The National Infrastructure Assessment, published earlier this week, brings a welcome new perspective on the importance of home energy efficiency. But it is nowhere near radical enough to deliver the transformation we need.
A key recommendation from the Commission is for the Government to set a target for the rate of installations of energy efficiency measures in homes: 21,000 measures per week by 2020, maintained at this level until a decision on future heat infrastructure is taken.
This is a very significant step change from current activity levels and in that sense is a good thing. But why this fascination with ‘measures’? A ‘measure’ doesn’t deliver a fixed energy or carbon saving: this depends also on the context. A narrative based on measures encourages industry to forget that there are people in homes. And they matter.
Fixating on ‘measures’ might help to shape a delivery mechanism but it has wholeheartedly failed to excite customers, who react to comfort, health or control. No customers; no industry. But if you can get customers excited, they will pay for improvements themselves, if they can (and if the right sort of finance is made available).
Rather than taking a ‘programme delivery’ perspective, why not think instead in terms of asset management? From this perspective, it is critical to build an infrastructure, competencies and a narrative that provides a plan to all households, and soon. Whether a single measure is the first activity or the whole house is renovated in one hit, the up-front assessment and design approach is identical. It shows the householder the journey that they are on, and can be used by industry to illustrate the end-point: the high performance home that delivers what the householder wants.
Will this approach work? I know it does because we use it for all our customers.
Another Commission recommendation is for the allocation of £3.8 billion of public funding between now and 2030 to deliver energy efficiency improvements in social housing. More public funding to support investment when the household is not able to pay is very much needed, but why target the tenure that is already performing the best? Is it because it is thought to be easier, given the procurement capabilities of the landlords concerned? Taking the easy route may get the money spent, but is it the best way to address the fuel poverty problem?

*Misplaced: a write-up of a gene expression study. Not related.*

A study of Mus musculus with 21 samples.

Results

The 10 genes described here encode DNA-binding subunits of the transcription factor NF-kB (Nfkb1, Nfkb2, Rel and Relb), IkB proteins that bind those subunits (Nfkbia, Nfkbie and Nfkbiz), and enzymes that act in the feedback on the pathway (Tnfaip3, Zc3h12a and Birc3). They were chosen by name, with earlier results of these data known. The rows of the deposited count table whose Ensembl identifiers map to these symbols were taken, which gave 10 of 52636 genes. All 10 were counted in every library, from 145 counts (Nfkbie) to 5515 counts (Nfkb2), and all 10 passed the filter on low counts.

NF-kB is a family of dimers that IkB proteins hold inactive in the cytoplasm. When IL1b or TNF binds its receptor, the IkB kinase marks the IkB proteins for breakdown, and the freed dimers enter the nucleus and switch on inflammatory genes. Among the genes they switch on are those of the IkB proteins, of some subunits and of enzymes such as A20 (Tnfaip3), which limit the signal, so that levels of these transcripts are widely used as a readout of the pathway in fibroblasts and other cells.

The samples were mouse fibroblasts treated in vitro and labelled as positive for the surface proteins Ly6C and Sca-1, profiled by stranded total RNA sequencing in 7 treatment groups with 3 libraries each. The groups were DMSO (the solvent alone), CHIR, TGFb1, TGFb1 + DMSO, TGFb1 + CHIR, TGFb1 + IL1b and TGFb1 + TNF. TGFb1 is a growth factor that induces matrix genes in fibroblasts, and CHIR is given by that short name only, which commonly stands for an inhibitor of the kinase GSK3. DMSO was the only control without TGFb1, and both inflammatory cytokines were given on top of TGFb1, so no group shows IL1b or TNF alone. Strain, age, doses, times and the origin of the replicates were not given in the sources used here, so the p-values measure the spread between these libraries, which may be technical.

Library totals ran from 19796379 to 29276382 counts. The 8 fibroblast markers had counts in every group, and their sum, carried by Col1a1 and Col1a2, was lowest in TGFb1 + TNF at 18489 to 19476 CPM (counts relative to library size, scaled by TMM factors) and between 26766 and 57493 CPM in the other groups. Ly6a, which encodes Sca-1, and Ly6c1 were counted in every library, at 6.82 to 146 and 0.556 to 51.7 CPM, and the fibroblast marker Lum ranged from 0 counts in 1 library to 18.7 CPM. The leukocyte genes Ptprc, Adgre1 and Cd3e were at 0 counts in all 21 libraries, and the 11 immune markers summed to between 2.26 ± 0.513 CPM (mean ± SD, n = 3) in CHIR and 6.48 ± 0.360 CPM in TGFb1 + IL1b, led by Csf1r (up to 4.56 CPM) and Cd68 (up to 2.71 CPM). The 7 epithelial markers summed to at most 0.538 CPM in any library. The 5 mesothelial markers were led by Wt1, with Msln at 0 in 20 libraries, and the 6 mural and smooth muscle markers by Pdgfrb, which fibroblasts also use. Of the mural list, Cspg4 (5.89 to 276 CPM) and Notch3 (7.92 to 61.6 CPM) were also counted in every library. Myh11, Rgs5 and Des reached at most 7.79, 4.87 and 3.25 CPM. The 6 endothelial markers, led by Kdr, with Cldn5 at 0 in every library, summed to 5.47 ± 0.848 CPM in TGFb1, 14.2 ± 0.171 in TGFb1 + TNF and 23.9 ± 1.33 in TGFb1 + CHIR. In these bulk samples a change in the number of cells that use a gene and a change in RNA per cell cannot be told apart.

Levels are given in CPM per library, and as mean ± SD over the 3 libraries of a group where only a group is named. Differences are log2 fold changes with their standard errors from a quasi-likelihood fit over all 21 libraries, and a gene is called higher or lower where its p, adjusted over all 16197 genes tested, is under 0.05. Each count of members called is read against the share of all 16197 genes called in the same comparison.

The Commission wants to see Government continuing to trial innovative approaches for driving energy efficiency in the owner-occupier market. On the face of it a good idea, but when we start talking about ‘early days’ and delivering results in a few years’ time, I start to worry: we need Government incentives to nudge renovation choices sooner rather than later – innovations can accelerate the change as they come in.
Last, but not least, the Commission wants the Government to set out, by the end of 2018, how regulations in the Private Rented Sector will be robustly enforced and tightened over time. I wholeheartedly agree! The introduction of MEES to date has been half-hearted at best, with far too many built-in get outs for less responsible landlords.
So; a mixed bag. But back to that original point about 21,000 measures per week until a decision on future heat infrastructure is taken. What then? Whatever the heat infrastructure decision, we must use less. We need responsible retrofit at scale, starting now and continuing until all our homes are high energy performance, delivering the home environment that we want.